Peter Robb, confirmed last month as the general counsel of the National Labor Relations Board, issued a memorandum on December 1 that serves as a valuable heads up to both employers and unions as to what we might expect during his tenure with the agency. The memo, GC 18-02, presents a five-point roadmap to issues that will, and will not, be submitted to Advice.

1. No new theories on decided issues. “We will base decision on extant law,” the memo states. In an effort to avoid delay, “no new theories will be presented on cases that have been fully briefed to the Board.”

2. The GC will not weigh in on pending cases. Again in an effort to avoid delay, “the General Counsel will not be offering new views on cases pending in the courts, unless directed to by the Board or the courts.”

3. Cases involving “significant legal issues” should be submitted to Advice. These are cases decided during President Obama’s time in office that “overruled precedent and involved one or more dissents, cases involving issues that the Board has not decided, and any other cases that the Region believes will be of importance to the GC.” Included in this category are cases in which a complaint would appropriately be issued “under current Board law, but where we might want to provide the Board with an alternative analysis.”

The memo then provides a long, and expressly non-exhaustive, list of such cases, including decisions centering on concerted activity for mutual aid and protection, employer handbook rules found to be unlawful, joint employer status under Browning-Ferris, Purple Communications issues, work stoppages under Quietflex, off-duty employee access to property, conflicts with other statutory requirements, Weingarten rights, disparate treatment of represented employees during contract negotiations, and unilateral changes consistent with past practice, among others. The breadth and significance of this list reveal a new GC ready to shake things up.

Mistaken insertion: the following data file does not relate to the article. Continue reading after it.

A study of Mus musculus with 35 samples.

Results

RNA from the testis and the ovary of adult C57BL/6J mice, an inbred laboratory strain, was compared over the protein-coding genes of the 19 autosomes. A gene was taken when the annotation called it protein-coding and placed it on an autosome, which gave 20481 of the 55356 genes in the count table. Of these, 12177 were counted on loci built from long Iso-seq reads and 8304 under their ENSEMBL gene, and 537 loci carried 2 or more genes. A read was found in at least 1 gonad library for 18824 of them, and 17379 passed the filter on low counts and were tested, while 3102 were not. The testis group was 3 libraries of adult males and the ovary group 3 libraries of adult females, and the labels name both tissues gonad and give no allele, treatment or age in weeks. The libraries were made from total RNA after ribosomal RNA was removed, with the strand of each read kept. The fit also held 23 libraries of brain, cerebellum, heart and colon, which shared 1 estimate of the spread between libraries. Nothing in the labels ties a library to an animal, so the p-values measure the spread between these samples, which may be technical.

4. Several Obama-era general counsel memoranda are rescinded. These memoranda include pronouncements by the outgoing GC that, for example, scholarship student-athletes have rights under the unfair labor practice section of the NLRA (GC 17-01, General Counsel’s Report on the Statutory Rights of University Faculty and Students in the Unfair Labor Practice Context); that employers should not be able to withdraw recognition absent an election (GC 16-03, Seeking Board Reconsideration of the Levitz Framework); that many employer policies on confidentiality and social media usage violate the NLRA (GC 15-04, Report of the General Counsel Concerning Employer Rules); that front pay be included in Board settlements in lieu of reinstatement (GC 13-02, Inclusion of Front Pay in Board Settlements); and others relating to deferral standards, intermittent and partial strikes, and the use of default language in informal settlement agreements (GC 12-01, Guideline Memorandum Concerning Collyer Deferral; GC 11-04, Default Language; and OM 17-02, Model Brief Regarding Intermittent and Partial Strikes).

5. Say goodbye to several Obama-era initiatives. The jettisoned initiatives include seeking to extend Purple Communications to other electronic systems, seeking to overturn the Tri-cast doctrine regarding certain employer statements to employees during organizing campaigns, arguing that misclassification of employees as independent contractors in and of itself violates Section 8(a)(1), seeking to apply Weingarten in non-union settings, and seeking to overturn Oil Capital regarding the burden of proof in salt cases.

The general counsel memorandum (available here) comes as a long-awaited signal to many employers that new agency officials will take a more employer-friendly approach to a number of areas where the Obama-era Board stretched its reach in unforeseen ways.